New AI voice coach may help treat depression, anxiety

A new study suggests that artificial intelligence (AI) could be a helpful aid in the treatment of mental illness.
New AI voice coach may help treat depression, anxiety
New AI voice coach may help treat depression, anxiety

 Artificial intelligence (AI) could be a useful tool in mental health treatment, according to a new study.

The study, which was the first to test an AI voice-based virtual coach for behavioural therapy, found changes in patients' brain activity along with improved depression and anxiety symptoms after using Lumen -- an AI voice assistant that delivered a form of psychotherapy.

The results, published in the journal Translational Psychiatry, offer encouraging evidence that virtual therapy can play a role in filling the gaps in mental health care, where waitlists and disparities in access are often hurdles that patients, particularly from vulnerable communities, must overcome to receive treatment.

"We've had an incredible explosion of need, especially in the wake of Covid, with soaring rates of anxiety and depression and not enough practitioners," said Dr. Olusola A. Ajilore, professor of psychiatry at the University of Illinois Chicago (UIC).

"This kind of technology may serve as a bridge. It's not meant to be a replacement for traditional therapy, but it may be an important stop-gap before somebody can seek treatment," Ajilore added.

The researchers recruited over 60 patients for the clinical study exploring the application's effect on mild-to-moderate depression and anxiety symptoms, and activity in brain areas previously shown to be associated with the benefits of problem-solving therapy.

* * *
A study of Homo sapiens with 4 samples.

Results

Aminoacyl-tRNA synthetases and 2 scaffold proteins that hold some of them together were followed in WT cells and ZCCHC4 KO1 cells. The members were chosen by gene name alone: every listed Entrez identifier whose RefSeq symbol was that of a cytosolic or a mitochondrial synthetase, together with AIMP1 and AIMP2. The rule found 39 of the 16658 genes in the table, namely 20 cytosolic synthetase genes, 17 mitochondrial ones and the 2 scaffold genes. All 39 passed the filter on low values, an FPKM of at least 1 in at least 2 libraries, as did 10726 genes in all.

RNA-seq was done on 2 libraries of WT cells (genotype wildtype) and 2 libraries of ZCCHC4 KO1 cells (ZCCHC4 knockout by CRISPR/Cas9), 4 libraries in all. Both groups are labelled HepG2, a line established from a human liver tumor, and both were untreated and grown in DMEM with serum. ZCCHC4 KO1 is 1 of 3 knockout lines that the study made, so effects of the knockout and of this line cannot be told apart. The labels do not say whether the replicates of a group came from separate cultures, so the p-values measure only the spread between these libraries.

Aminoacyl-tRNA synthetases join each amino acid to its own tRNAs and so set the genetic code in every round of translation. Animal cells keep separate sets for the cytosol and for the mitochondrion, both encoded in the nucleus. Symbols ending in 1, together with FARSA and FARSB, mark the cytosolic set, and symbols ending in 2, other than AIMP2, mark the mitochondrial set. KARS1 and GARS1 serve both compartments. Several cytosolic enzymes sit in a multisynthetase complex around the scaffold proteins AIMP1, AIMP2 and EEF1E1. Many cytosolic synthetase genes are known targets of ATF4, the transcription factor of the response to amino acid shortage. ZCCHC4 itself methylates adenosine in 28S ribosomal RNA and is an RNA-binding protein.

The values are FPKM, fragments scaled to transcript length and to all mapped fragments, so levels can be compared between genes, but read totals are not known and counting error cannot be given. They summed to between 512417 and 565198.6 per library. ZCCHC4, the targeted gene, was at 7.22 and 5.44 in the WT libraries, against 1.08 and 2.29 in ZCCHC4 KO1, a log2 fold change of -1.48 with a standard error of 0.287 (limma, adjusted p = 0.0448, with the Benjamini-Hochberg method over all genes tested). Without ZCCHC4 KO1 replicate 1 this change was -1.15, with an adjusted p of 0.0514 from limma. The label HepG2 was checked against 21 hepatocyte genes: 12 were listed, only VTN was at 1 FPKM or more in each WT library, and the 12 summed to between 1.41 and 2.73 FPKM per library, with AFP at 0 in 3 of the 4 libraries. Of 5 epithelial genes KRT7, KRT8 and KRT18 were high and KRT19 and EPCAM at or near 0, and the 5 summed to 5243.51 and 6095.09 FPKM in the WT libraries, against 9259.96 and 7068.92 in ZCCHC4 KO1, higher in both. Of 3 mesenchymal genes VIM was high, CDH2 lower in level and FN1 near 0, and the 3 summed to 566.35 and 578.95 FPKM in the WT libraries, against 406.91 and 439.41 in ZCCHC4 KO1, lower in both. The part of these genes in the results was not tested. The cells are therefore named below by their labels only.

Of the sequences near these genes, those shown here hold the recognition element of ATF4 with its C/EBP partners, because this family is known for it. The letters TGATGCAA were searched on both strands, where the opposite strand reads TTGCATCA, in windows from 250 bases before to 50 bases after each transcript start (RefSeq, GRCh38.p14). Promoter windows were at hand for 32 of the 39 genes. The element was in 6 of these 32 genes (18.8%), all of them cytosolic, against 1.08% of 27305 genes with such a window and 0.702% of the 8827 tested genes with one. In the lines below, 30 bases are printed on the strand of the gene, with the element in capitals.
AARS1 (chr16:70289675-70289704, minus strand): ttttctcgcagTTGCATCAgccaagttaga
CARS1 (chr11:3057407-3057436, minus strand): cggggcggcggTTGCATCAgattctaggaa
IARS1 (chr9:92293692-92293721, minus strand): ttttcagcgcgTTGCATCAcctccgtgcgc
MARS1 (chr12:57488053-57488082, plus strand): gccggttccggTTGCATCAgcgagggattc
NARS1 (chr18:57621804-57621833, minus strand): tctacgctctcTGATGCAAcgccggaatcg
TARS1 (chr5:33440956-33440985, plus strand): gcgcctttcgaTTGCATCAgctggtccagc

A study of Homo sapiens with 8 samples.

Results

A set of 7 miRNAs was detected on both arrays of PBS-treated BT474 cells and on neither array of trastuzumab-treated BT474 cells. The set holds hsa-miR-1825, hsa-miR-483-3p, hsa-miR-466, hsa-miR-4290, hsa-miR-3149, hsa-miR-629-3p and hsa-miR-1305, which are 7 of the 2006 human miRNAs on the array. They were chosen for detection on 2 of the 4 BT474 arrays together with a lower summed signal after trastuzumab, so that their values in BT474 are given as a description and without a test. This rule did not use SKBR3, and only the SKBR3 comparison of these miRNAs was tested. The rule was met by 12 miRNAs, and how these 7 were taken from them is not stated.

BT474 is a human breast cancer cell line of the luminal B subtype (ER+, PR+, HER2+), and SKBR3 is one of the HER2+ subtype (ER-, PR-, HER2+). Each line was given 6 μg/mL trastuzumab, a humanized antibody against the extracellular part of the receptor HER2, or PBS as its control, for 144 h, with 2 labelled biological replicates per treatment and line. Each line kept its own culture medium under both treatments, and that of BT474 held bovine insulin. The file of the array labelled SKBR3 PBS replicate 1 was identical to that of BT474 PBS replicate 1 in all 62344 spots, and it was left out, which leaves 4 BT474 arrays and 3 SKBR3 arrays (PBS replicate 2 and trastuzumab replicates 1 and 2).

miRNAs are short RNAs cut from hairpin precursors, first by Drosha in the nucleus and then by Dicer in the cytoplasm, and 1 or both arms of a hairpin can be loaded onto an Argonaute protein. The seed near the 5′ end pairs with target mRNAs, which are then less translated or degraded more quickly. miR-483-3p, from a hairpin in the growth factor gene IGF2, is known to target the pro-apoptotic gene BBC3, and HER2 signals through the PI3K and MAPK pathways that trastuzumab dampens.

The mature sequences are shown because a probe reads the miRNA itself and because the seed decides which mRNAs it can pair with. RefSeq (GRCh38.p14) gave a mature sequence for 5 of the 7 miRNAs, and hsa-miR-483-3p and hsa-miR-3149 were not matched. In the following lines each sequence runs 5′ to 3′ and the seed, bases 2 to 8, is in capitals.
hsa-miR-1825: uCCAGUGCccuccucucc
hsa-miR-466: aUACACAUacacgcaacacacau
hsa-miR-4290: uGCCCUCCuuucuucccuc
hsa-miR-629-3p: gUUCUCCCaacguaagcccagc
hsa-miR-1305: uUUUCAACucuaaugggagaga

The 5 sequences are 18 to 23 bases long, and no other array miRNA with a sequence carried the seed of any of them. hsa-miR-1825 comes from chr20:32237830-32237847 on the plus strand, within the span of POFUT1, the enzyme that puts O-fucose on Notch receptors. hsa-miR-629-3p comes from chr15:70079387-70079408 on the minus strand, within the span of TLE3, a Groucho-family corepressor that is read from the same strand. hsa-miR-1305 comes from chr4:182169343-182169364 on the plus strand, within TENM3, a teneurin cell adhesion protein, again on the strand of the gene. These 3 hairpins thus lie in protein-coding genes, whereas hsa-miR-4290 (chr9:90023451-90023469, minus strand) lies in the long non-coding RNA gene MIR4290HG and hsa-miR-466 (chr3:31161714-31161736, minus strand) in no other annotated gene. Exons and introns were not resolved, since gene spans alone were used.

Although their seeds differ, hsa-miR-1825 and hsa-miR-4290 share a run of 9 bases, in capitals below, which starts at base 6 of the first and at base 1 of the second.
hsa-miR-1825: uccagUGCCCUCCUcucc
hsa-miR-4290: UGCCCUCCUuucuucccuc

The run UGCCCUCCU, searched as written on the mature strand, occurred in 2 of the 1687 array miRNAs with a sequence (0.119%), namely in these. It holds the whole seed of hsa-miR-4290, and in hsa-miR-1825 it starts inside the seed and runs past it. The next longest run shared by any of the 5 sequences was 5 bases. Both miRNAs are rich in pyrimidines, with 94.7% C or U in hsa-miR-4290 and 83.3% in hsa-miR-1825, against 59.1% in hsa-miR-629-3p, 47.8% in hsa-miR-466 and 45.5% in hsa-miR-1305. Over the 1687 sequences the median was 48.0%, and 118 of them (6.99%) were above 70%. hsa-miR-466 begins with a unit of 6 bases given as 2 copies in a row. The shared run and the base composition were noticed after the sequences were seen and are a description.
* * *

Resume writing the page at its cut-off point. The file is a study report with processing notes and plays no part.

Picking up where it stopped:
Two-thirds of the patients used Lumen on a study-provided iPad for eight problem-solving therapy sessions, with the rest serving as a "waitlist" control receiving no intervention.

After the intervention, study participants using the Lumen app showed decreased scores for depression, anxiety and psychological distress compared with the control group.

The Lumen group also showed improvements in problem-solving skills that correlated with increased activity in the dorsolateral prefrontal cortex, a brain area associated with cognitive control. Promising results for women and underrepresented populations also were found.

"It's about changing the way people think about problems and how to address them, and not being emotionally overwhelmed," said Dr. Jun Ma, Professor of Medicine at UIC.

"It's a pragmatic and patient-driven behaviour therapy that's well established, which makes it a good fit for delivery using voice-based technology," Ma added.